It’s been nearly a year since I lost my Grandmother. She was my best friend and one of the greatest human beings I have ever had the pleasure of knowing. I had a hard childhood, growing up in a deeply religious cult environment, with very little contact with the world outside of the religious group. My grandmother acted as one of the only buffers between me and the hostile queer experience. Her house became my safe haven. As soon as I could drive I would come up with any excuse to be there, and before long I was showing up there three or four days a week. I stayed with her over more than one college break when I had nowhere else to go. She always had an open door and a soda waiting. She listened, which was probably more important than anything else. 

I could be me with her, even if I didn’t understand or have words for what being me meant yet. After I came out to my mother and was disowned, I will never forget the first phone call with my grandmother. I wasn’t sure how she would react, but the first thing out of her mouth when I answer the phone was, “So I hear I have another grandson now.” She never brought it up again, but she always got my pronouns correct and a few months later when opening Christmas gifts from her I found a pride ornament. She loved me no matter what. Something my mother will probably never do.

After the loss of my grandmother, I noticed my grief was different as an adult. This was the first huge loss of someone I loved beyond measure since I was nineteen when I lost my sister and father only a few months apart. It’s fourteen years and it’s an entirely different experience. I dealt with death too early, and after my sister killed herself I don’t remember feeling anything but profound loss. I didn’t bargain, or get angry. Well, I might have, but I was too far into deep spiraling depression to notice where my emotions were. Nothing mattered, and it’s the only time in my life that even my memory is a blur. Days and weeks blend together and I can remember almost nothing from that time.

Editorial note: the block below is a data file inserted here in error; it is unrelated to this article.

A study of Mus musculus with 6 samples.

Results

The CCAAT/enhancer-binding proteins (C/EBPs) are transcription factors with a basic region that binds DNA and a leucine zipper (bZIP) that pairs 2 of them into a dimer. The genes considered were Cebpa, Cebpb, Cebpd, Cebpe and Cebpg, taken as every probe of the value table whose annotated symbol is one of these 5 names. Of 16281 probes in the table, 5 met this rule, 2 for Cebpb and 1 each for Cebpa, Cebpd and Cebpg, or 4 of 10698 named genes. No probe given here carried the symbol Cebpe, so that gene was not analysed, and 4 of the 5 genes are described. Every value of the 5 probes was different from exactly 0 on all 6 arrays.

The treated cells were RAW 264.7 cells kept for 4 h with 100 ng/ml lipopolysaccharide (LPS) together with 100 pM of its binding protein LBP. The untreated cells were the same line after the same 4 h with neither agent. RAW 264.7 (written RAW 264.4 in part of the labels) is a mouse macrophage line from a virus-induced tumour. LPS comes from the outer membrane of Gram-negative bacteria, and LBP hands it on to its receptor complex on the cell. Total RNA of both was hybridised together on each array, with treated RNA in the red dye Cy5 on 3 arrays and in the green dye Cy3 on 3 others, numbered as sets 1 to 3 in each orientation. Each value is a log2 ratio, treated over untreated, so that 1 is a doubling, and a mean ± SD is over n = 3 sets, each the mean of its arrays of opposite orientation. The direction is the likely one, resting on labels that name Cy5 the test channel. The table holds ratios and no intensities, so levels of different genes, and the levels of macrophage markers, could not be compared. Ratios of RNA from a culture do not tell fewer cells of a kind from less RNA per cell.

With my grandmother, I’ve been mourning in stages. I know this is a thing the seven stages of grief and all but I don’t think I noticed it in myself until recently. I have been on a cycle throughout the last year and there are times I think I’m dealing with it well, and then other times I still reach for the phone to call her. I can’t cope with the loss some days and it’s debilitating. Most of the time my brain just doesn’t want to accept it. I think with this loss I spent more time in disbelieving shock than anything else. Like maybe, just maybe, if I didn’t focus on it, it wouldn’t be true. So I’ve put off the grief and put it off.

And here I am, days away from the year mark and I still just want to pick up the phone and call her. Maybe it’s harder because she was the last person in my family, my blood that I had a connection with, and the loss of that connection is bigger than just my grandmother. We are taught from a young age that blood is thicker than water, and your family always has your back, so many queer people, me included, have experienced the complete opposite. Our families reject us and do more damage than our enemies, leaving us with lasting scars. We have to create our own families and communities. I hear these stories time and time again and have bonded with so many people over our shared experiences of being cast out by our blood.

I’ve come to terms with what my mother believes me to be, but maybe that’s why my grandmother’s death is so much more, it’s like the death of my mother figure and my best friend rolled into one. I had not only unconditional love and acceptance from her, but profound wisdom that was seemingly overflowing and bottomless. I still have it. I carry the kindness my grandmother taught me every day. She made me a better person. A stronger person. I miss her constantly and I’m not sure it will ever wane.

J.R. Gray writes own voice books and other things about queer people that can be found here.